Wednesday, July 28, 2010

Chicken Salad

By Paul Briand

The idea here is for a portable meal -- to take on a picnic, take to the beach, take outside on the porch.

It also smacks of summer, clean and sweet, enhanced by the dried cherries.

We've had this straight up and we've had it as a wrap.

One diversion we made from the original recipe, which we found in Relish magazine, was to replace grilled chicken with a roasted chicken from the grocery. It made a simple meal to prepare even more simple.

1 roasted chicken with meat removed
2 tablespoons olive oil
1 tablespoon balsamic vinegar
1 clove garlic, minced
Black pepper
1/2 teaspoon onion powder
1 teaspoon Italian seasoning
1 1/2 pound chicken tenders

1 cup diced celery
1/4 cup diced red onion
1/2 cup dried cherries
1/2 cup light mayonnaise
1 tablespoon mustard (Creole mustard is suggested in recipe, I went with Dijon)
1 tablespoon chopped chives
Black pepper

1. To prepare the grilled chicken, combine all ingredients except chicken in a large bowl. Stir well. Add chicken to coat. Cover and refrigerate overnight, or at least an hour;
2. Prepare grill to medium heat;
3. Remove chicken from marinade and discard the marinade. Grill chicken for about 3 minutes each side until thoroughly cooked;
4. To prepare salad, combine all ingredients. Add cooked grilled chicken (or the meat -- sans skin -- you had stripped from the roasted chicken). Toss well and serve.


Caprese Salad

By Paul Briand

It's not often that you'd describe something you ate as refreshing. Satisfying, certainly. But refreshing?

Yet that was the case the other evening when we sat down to eat after an afternoon in the summer heat at a Boston Red Sox - Texas Rangers baseball game in Fenway Park.

My sister Margaret served a Caprese Salad that was refreshing in its burst of tomato, mozzarella and fresh basil.

Here's her version of a Rachel Ray recipe:

3 vine-ripe tomatoes, 1/4-inch thick slices
1 pound fresh mozzarella, 1/4-inch thick slices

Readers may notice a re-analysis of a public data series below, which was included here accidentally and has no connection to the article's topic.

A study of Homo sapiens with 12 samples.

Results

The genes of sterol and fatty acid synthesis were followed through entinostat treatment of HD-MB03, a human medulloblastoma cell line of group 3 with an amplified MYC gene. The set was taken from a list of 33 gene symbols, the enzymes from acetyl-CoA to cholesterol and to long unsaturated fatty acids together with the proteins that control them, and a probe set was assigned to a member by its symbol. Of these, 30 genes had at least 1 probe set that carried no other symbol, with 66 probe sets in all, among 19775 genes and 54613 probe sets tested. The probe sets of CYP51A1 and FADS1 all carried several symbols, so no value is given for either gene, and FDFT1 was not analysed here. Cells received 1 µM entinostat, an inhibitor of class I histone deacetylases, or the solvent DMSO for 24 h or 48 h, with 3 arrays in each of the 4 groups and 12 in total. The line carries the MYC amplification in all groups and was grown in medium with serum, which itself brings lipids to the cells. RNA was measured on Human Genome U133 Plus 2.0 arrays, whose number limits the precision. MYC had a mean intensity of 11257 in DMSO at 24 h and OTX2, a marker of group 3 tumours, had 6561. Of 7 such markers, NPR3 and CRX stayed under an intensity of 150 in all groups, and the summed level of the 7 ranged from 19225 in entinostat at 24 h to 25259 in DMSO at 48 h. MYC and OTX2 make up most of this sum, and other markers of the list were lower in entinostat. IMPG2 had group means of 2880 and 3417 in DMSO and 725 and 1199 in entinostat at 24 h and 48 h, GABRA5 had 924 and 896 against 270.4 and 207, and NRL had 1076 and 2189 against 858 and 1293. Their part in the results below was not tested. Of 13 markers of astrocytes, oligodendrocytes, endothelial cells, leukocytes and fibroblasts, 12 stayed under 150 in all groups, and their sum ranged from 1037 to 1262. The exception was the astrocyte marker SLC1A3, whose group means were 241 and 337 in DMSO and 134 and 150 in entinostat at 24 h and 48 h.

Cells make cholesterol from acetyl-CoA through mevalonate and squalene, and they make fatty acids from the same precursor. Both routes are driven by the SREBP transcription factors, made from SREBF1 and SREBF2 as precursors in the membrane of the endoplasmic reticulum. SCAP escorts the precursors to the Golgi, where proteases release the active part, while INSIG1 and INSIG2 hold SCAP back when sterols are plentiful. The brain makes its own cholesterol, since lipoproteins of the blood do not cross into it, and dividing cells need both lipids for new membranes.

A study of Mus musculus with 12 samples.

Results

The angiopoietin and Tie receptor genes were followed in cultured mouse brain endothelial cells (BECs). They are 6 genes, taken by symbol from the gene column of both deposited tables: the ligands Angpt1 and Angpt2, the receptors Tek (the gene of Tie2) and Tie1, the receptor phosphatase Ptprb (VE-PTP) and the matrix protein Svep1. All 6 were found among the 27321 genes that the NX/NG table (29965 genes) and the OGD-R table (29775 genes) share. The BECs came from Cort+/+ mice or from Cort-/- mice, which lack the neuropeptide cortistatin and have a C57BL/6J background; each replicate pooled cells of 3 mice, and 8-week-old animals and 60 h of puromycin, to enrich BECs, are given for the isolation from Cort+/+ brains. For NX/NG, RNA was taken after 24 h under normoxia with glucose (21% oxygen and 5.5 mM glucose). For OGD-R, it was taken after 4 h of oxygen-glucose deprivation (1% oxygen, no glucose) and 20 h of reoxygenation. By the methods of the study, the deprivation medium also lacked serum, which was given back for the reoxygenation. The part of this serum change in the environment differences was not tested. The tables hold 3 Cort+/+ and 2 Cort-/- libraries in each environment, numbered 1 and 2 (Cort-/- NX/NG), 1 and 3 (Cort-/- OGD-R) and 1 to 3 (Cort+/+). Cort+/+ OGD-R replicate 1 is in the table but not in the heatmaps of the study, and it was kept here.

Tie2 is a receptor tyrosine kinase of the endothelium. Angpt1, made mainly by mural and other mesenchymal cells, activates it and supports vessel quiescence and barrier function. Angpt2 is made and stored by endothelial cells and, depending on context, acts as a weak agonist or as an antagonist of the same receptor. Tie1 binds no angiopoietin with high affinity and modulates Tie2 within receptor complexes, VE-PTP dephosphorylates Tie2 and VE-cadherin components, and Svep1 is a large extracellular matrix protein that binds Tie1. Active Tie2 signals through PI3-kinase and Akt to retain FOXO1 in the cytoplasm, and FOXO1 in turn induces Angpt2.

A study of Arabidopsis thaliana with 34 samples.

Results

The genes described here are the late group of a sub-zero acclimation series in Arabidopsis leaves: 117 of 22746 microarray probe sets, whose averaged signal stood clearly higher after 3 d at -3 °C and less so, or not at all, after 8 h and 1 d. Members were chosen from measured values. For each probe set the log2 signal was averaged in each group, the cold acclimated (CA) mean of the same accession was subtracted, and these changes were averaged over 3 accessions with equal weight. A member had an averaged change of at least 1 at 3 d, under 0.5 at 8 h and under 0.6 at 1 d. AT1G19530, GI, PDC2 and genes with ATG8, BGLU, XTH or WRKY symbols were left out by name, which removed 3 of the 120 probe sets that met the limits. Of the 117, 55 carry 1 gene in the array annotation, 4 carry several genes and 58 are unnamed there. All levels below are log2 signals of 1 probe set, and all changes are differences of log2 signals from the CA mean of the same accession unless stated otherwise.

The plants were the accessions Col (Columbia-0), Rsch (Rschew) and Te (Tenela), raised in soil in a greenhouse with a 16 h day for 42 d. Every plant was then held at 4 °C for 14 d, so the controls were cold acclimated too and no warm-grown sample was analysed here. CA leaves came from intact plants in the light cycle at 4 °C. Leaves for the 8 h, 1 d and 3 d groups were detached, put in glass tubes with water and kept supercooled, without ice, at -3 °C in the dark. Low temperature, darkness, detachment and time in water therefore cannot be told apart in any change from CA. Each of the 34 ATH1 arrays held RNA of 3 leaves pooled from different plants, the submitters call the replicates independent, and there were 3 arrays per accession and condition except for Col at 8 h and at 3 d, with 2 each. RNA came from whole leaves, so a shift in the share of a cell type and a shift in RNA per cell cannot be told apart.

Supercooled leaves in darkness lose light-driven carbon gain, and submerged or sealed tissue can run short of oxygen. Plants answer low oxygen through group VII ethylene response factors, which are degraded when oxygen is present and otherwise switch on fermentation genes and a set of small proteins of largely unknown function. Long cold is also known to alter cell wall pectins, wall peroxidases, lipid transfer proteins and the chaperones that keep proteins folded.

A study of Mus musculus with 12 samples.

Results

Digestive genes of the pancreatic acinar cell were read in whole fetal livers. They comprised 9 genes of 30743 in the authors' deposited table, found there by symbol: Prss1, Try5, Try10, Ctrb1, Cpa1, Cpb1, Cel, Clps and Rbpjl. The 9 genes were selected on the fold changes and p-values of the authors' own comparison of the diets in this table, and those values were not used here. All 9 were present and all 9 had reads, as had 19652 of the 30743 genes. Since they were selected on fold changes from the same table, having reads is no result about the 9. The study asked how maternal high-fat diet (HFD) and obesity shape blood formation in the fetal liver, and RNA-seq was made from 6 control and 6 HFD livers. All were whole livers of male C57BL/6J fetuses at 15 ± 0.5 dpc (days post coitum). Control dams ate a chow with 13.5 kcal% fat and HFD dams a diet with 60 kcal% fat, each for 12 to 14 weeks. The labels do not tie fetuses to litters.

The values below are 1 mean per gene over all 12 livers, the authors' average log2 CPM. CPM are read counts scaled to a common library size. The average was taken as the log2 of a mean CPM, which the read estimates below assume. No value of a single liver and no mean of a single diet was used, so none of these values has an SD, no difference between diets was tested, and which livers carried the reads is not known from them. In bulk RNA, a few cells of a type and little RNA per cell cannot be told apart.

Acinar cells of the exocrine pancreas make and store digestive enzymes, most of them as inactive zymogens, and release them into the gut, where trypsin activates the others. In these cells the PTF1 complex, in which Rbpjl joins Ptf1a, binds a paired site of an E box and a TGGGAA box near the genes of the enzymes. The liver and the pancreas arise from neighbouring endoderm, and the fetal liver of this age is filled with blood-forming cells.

20 to 30 leaves (about 1 bunch) fresh basil
Extra-virgin olive oil, for drizzling
Coarse salt and pepper

Layer alternating slices of tomatoes and mozzarella, adding a basil leaf on top, on a large, shallow platter. Drizzle the salad with extra-virgin olive oil and season with salt and pepper, to taste.

Margaret says she changes it up a bit by drizzling a dressing made of olive oil and balsamic vinegar instead of just olive oil.



Jack Daniel's Barbecue Sauce

By Paul Briand

So, what do you do when you have just about six ounces of whiskey left in your bottle of Jack Daniel's?

Any sane man or woman would drink it. I made barbecue sauce. All was not lost ... I used four ounces in the recipe and drank the remaining two over ice while I made the sauce.

I used the barbecue sauce first on some grilled chicken then used the rest on some ribs.

You can definitely taste the sour corn mash that comes from the whiskey, but it doesn't overpower and adds a particular sweetness to whatever you're cooking.

1/2 cup of Jack Daniel's whiskey
1/4 stick butter
1/2 cup chopped onion
1 clove garlic, crushed
1 cup ketchup
1/4 cup lemon juice
3 tablespoons brown sugar
1 tablespoon Worcestershire sauce
1/4 teaspoon pepper

1. Melt butter in skillet over medium high heat;
2. Add onions and garlic, saute until tender;
3. Stir in rest of the ingredients and simmer for 10 minutes, stirring occasionally;
4. The yield, about 1 1/4 cups keeps well in the refrigerator.


Barbecue Bacon and Bean Salad

By Paul Briand

This struck me as an odd collection for a salad. Fennel? Barbecue sauce?

I was especially struck by the fennel, a strong herb that has the taste of anise (think licorice). I was worried that the fennel would be overwhelming but it was absorbed nicely into the dish.

I found the recipe while cruising through stories from the Associated Press, which described it as " a rich, but not heavy salad that is the perfect partner for ribs, burgers, dogs, cobs or whatever you got on the grill."

1/2 pound bacon, cut into 1-inch pieces (a low-fat substitute is Canadian bacon)
1 large yellow onion, diced
1/2 teaspoon smoked paprika
1/2 cup prepared barbecue sauce
15-ounce can corn kernels, drained (or kernels cut from about 4 ears)
Two 15-ounce cans white beans, drained
1 medium bulb fennel, finely chopped
1 tablespoon cider vinegar
Salt and ground black pepper, to taste
1 tablespoon chopped chives

1. In a large saute pan over medium-high, cook the bacon for 4 minutes;
2. Add the onion and continue cooking until the bacon is crispy and the onion tender. Remove the pan from the heat. If there is more than about 1 tablespoon of fat in the pan, drain most of it, leaving the bacon and onions in the pan;
3. Stir in the smoked paprika and barbecue sauce;
4. Transfer to a bowl and place in the freezer for 10 minutes to cool quickly;
5.In a large bowl, mix together the corn, beans and fennel. Mix in the cooled bacon mixture, tossing well. Sprinkle in the cider vinegar and season with salt and pepper. Garnish with chopped chives.